I'm building a php login form with only a username & password as $_POST data. But before submitting the form, a JS function check() will base64_encode the password input, then finally submits the form like this: (the customized base64_enc function is a little bit more advance than just a base64 encode)

function check() {
   var pwd = $_get_by_id('loginPw').value;
   $_get_by_id('loginPw').value = base64_enc(pwd);

Of course, beside that, I know we have pleinty of security things to prevent the brute force (session id, csrf token, captcha, tempo ban...).

But I wonder if, at this point, this simple javascript trick could slow down an attack ? (Even the attacker must generate another processed version of his/her dictionaries)

For example if hydra tool can process each line of wordlist before running a thread (with a shell code version of what we have in the javascript check() fn)


3 Answers 3


Can I slow down a brute force attack by encoding password input data?

Yes, you can artificially slow down a brute-force attack by having the client perform an expensive task for each login attempt. This concept is called a proof of work. It's a well-known approach to fight mass spam and technically you could also apply it to authentication systems on the web.

However, your concrete proposal wouldn't qualify as a proof-of-work protocol. That's because base64 isn't expensive at all and requires an equal amount of work for the client to generate as it does for the server to verify. Also, an attacker could reuse the encoded passwords as often as they like without having to recompute them, e.g. to attack other accounts.

For a real proof-of-work implementation, you could e.g. build a challenge-response scheme and require the user to perform expensive hash computations on each login attempt. The challenge could be to partially invert a hash: You provide a random sequence and challenge the user to generate a SHA-256 hash ending with that very sequence. Increasing the length of the sequence requires exponentially more hash computations by the client but verifying the results is always just a string comparison.

The project "proof-of-work-login" is one of the few real-life examples I found that pick up the idea of using a POW for logins. (I can't comment on the quality of the implementation though.) From the description:

A client side SHA256 hash must be calculated before allowing a login. This limits bruteforce login attacks in environments where you can't ban by IP like Hidden Services.

Nevertheless, you should bear in mind that for web applications there are simpler means to obstruct brute-force attacks such as CAPTCHAs, limiting login attempts per account, blacklisting IPs, etc.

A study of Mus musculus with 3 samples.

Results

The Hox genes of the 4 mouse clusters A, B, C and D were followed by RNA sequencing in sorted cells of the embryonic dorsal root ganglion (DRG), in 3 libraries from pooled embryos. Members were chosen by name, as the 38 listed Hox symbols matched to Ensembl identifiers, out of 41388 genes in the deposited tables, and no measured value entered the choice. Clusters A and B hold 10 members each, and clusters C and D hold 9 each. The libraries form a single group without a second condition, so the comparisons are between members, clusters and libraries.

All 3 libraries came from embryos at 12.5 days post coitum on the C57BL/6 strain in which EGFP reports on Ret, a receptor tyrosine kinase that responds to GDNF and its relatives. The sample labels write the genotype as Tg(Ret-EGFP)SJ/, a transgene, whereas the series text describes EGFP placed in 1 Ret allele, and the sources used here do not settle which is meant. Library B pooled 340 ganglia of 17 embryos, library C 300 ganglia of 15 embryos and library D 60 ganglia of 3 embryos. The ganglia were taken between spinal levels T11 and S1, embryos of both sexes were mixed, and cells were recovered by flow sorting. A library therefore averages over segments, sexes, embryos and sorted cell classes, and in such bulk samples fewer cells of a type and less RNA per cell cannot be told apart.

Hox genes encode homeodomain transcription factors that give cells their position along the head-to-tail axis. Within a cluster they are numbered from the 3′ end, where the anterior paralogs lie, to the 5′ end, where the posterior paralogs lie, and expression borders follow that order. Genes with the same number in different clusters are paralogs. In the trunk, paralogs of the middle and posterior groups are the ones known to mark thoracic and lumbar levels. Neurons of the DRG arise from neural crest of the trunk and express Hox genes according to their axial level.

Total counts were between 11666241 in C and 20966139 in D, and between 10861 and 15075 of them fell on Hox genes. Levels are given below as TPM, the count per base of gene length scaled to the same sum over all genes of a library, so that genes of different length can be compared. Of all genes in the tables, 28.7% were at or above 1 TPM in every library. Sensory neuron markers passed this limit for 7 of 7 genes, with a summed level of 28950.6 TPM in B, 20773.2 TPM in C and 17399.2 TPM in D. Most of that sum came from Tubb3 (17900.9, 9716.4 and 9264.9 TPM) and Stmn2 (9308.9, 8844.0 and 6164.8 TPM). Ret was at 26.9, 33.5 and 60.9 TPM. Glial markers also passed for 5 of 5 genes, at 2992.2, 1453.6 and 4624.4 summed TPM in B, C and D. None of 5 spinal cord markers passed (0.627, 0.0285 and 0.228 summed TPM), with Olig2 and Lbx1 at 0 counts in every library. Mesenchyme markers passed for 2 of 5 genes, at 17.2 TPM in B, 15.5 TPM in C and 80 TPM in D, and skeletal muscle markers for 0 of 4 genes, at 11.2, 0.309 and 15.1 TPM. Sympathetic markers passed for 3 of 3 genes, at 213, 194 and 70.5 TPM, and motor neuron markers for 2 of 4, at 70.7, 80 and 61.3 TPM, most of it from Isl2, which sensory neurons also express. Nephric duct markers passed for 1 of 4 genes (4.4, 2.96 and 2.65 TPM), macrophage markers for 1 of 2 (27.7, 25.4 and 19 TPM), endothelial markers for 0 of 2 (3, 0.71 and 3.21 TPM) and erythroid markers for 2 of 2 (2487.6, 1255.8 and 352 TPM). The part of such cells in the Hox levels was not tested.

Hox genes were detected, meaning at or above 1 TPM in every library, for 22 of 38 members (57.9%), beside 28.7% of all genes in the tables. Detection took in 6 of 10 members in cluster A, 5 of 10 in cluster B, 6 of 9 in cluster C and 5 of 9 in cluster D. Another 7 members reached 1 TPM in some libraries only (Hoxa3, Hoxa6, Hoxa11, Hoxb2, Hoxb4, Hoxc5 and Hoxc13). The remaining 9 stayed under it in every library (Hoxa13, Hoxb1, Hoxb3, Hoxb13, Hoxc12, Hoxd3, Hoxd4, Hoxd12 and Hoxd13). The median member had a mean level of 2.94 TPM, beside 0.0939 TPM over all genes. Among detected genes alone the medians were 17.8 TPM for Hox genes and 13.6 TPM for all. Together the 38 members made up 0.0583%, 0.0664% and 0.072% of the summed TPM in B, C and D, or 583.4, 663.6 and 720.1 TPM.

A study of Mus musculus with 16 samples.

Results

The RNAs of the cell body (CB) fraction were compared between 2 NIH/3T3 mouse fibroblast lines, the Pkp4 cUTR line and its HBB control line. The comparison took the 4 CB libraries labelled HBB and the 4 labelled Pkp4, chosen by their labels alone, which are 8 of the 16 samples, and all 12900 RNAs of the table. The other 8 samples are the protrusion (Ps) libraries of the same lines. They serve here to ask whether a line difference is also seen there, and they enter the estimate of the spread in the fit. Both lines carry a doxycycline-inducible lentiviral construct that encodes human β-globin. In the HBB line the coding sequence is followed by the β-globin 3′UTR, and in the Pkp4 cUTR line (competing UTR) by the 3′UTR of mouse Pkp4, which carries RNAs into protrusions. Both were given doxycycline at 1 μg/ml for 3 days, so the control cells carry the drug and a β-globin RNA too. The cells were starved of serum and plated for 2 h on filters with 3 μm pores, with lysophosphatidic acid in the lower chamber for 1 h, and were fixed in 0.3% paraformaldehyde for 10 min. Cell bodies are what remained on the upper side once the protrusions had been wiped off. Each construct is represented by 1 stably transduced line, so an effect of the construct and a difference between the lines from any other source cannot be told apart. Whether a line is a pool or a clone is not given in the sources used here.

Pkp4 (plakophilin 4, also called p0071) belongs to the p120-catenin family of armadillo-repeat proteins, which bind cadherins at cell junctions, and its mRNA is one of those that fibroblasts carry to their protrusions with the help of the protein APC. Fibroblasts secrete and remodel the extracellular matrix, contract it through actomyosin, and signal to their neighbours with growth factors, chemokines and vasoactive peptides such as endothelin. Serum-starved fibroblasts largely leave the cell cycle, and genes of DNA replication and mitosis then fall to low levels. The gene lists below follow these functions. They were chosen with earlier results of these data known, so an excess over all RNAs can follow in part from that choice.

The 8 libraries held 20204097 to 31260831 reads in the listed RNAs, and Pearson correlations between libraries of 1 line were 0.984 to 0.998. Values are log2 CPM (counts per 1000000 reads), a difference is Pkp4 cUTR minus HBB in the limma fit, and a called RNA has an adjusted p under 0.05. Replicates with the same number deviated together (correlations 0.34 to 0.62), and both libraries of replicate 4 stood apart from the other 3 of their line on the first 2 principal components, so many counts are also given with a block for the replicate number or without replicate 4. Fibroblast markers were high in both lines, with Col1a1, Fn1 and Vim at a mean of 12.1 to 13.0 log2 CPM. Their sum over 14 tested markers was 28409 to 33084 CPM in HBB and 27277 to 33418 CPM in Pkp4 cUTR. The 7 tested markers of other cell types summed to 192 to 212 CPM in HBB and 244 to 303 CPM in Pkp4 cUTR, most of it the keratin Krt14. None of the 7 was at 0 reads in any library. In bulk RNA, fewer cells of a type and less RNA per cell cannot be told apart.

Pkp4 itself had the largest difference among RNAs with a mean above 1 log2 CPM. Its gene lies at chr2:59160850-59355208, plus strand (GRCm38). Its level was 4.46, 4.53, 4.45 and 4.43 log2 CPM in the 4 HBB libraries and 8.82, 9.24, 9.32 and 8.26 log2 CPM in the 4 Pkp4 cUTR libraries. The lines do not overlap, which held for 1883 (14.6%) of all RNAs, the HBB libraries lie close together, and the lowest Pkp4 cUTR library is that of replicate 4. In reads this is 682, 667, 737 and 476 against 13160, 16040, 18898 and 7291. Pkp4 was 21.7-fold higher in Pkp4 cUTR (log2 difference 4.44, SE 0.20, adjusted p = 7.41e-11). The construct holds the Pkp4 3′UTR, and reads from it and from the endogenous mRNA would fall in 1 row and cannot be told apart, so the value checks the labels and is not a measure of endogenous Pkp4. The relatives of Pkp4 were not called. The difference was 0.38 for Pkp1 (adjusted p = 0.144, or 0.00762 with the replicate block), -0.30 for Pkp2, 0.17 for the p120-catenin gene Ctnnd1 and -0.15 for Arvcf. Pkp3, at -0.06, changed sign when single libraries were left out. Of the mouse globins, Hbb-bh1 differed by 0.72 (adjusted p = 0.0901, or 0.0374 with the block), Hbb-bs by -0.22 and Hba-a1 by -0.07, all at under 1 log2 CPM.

• +1 for "proof of work"... I hadn't heard that term. The problem with Julien's solution is that it requires the server to do just as much work as the client. Seems like it would be better for the server just to pick a nonce with N bits entropy + M bits salt and compute its hash, then give the hash and salt to the client and ask it to return the original nonce. That would be proof that it had executed (on average) 2^N/2 hash operations, a much bigger hurdle than is imposed on the server, which only did one.
    – John Wu
    Apr 21, 2017 at 23:10
  • @JohnWu You're right, I simplified that too much. Having the server do the same work obviously doesn't make sense. That's why one common proof-of-work scheme is to partially invert a hash - which is hard to do but easy to verify. E.g.: Find a SHA256 hash ending with ...deadbeef123. I'll clarify that in my answer.
    – Arminius
    Apr 21, 2017 at 23:21

No, this idea won't slow down an attacker, because the encoded password is the password-- it is the value that an HTTP client needs to access the system. The original password is almost incidental at that point. Instead, the hacker will turn his attention to iterating through Base64 strings instead of passwords, and the total entropy will be exactly the same. Also, if the hacker has a dictionary of passwords, it is trivial to generate a dictionary of Base64 strings comprising the same exact list.

However, it is not a terrible idea to slow down an attacker by asking him to solve a complex problem. CAPTCHA is the most common example-- hacker tools can figure out how to solve a CAPTCHA, but it does require a bit of CPU and will reduce the number of brute force attempts per second. Solving any complex problem would do the same, e.g. if in addition to submitting the password the script also had to guess the value behind a hash (based on a random and unrelated value) that is provided by the server. But you would want to keep that mechanism completely separate from the password.

  • It's true that it doesn't slow down attacker's tool, but as you said, the attacker may eventually generate another version of his dictionaries (which take his time a bit), or he/she would spend more time for gathering information of the login form before attacking. I think for a true pentester, it changes nothing but for copy-paste kids, it would help... +1 for @Arminius for the proof of work. I think his answer is accepted. Apr 22, 2017 at 12:19

It won't change anything to the attacker. He won't even need to update his dictionaries.

The attack generates passwords, and sends them to a function which will do the HTTP request. The attacker has to select the URL to target, name the parameters. Encoding the password in that function isn't slow. It's orders of magnitude faster than the HTTP request, and the impact on the request size will be so small that it won't have any effect at all.